In the last book he wrote, C.S. Lewis made this observation:
To confess our sins before God is certainly to tell Him what He knows much better than we. And also, any petition is a kind of telling. If it does not strictly exclude the principle that God knows our need, it at least seems to elicit His attention. Some traditional formulae make that implication very clear: “Hear us, good Lord” – … As if, though God does not need to be informed, He does need, and even rather frequently, to be reminded. But we cannot really believe that degrees of attention, and therefore of inattention, and therefore of something like forgetfulness, exist in the Divine mind. I assume that only God’s attention keeps me (or anything else) in existence at all.” (C. S. Lewis, Letters To Malcolm: Chiefly on Prayer, 20.)
The question being posed by Lewis is the seeming contradiction between God’s attribute of omniscience, His knowledge of all conceivable things, and our praying to Him. After all, why do we have to inform God of what He already knows? I think this question rears its head often in Christians’ minds. Why “go through the motions?” What is God up to?
The answer Lewis supplies is that although God’s knowledge of us doesn’t change, “the quality of our being known can.” He explains what he means by adding, “By unveiling, by confessing our sins and ‘making known’ our requests, we assume the high rank of persons before Him. And He, becomes a Person to us” (Lewis, 20).
It is this very personal aspect of prayer which is so crucial but is so often overlooked or minimized. We rush to tell God of our troubles and our needs (or those of others), and in our hurry we neglect to contemplate just to Whom we come. This neglect of the Person of God, of God’s personal character, in large part accounts for our struggles with prayer.
If I may offer a scenario: Have we not found ourselves in a check-out line but in a hurry to get home or get to an event. We get to the conveyor and the lady at the register has to change the spool. More and more our impatience grows, and by the time we have slid our card and pressed out our pin number, our focus is all on ourselves, our shopping bags, and our state of urgency. And in our haste we do not give the person behind the register hardly any notice. We use them but we don’t pay attention to them.
Perhaps this scenario rings true with you? I introduce it to try to illustrate how we can pray to God without paying attention to God. We talk to God but we don’t really talk to God. Moreover, as Lewis stated above, prayer humanizes us when we come to our God in the right way. Therefore we might say, in our sojourn within this evil realm the Father has given us prayer to relate to Him in a living and dynamic way, so that in its practice we rise above what we otherwise would be as His children in the world.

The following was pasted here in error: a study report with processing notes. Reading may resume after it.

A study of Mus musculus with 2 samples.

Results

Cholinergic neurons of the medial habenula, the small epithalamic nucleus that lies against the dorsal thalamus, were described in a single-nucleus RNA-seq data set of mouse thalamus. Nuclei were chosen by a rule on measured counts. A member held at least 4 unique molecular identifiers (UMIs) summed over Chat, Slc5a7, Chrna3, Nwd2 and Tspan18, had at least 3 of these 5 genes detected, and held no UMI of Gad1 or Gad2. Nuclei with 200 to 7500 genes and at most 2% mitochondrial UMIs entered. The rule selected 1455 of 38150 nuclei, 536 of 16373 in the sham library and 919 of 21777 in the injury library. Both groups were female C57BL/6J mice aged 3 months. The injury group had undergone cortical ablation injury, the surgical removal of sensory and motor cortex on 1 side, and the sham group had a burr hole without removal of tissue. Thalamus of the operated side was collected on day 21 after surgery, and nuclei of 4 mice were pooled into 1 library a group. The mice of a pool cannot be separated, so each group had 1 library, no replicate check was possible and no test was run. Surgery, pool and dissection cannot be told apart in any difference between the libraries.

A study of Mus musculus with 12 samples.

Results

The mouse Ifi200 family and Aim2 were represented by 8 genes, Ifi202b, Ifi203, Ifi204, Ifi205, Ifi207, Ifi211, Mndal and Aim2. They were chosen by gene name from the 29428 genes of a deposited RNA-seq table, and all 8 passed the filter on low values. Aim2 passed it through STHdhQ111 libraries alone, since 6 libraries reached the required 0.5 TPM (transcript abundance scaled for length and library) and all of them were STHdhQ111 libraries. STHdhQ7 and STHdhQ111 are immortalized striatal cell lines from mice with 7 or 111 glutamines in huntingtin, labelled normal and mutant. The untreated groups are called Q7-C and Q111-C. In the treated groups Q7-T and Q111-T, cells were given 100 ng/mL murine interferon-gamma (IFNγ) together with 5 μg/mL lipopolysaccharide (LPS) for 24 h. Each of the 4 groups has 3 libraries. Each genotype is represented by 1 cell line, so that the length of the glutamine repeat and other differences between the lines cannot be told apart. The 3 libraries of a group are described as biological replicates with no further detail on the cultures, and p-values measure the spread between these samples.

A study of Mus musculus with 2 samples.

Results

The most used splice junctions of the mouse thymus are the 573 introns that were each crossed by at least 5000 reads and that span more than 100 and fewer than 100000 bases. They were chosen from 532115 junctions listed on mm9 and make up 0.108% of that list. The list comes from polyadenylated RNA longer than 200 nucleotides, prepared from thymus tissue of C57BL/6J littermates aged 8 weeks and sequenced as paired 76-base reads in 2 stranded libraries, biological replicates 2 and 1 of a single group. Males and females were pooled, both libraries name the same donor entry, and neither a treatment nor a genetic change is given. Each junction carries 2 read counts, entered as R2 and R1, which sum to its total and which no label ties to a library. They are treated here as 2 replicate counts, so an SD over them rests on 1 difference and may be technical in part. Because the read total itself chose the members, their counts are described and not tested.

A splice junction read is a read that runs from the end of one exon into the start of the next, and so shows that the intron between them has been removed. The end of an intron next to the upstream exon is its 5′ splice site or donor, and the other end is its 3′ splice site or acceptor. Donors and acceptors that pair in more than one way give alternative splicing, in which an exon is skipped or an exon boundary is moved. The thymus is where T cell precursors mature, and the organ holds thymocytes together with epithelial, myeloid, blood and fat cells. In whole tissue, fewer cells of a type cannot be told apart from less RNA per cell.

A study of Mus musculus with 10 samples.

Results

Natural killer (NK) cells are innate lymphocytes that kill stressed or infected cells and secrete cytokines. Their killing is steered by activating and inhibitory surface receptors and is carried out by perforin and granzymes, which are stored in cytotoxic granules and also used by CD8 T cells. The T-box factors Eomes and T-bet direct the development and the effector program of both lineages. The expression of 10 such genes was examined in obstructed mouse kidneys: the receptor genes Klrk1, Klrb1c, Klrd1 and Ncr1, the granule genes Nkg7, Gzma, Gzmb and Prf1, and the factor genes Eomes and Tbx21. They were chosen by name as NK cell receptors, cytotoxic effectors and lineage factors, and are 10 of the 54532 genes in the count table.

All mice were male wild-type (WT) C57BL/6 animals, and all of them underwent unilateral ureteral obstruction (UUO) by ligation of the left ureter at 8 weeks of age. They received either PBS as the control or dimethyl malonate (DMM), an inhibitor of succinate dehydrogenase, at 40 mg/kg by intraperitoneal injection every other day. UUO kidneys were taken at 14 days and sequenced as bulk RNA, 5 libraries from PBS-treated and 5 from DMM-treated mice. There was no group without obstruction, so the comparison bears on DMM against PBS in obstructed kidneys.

In the Sermon on the Mount Jesus tells us, “do not be like them [the world]; for your Father knows what you need before you ask Him” (Matt. 6:8). He is speaking about transparency before God in contrast to the hypocritical practices of the religious leaders. This openness, this sincerity in our worship, is what God is looking for, and it is exemplified in the famous advice which follows:
Pray, then, in this way: “Our Father who art in heaven, Hallowed be Thy name. 10 ‘Thy kingdom come. Thy will be done, On earth as it is in heaven. 11 Give us this day our daily bread. 12 And forgive us our debts, as we also have forgiven our debtors. 13 And do not lead us into temptation, but deliver us from evil. For Thine is the kingdom, and the power, and the glory, forever. Amen.” (Matt. 6:9-13)
The very first thing Jesus enjoins upon us in our prayer-lives is mindfulness. Mindfulness of to Whom it is we come. The first two lines of this prayer-outline center, not upon us or our predicaments and needs, but God Himself.
This brings us back to the question posed previously: if God knows what we need already, why pray? My answer to that particular question is this: prayer makes us what we ought to be in this world. It makes us actively dependent upon the Triune God. And that dependence, once coupled together with our love and appreciation for Him, lifts us up to a new dignity in ongoing relationship between us, the creature, and God our Creator.
Paul Martin Henebury is a native of Manchester, England and a graduate of London Theological Seminary and Tyndale Theological Seminary (MDiv, PhD). He has been a Church-planter, pastor and a professor of Systematic Theology and Apologetics. He was also editor of the Conservative Theological Journal (suggesting its new name, Journal of Dispensational Theology, prior to leaving that post). He is now the President of Telos School of Theology.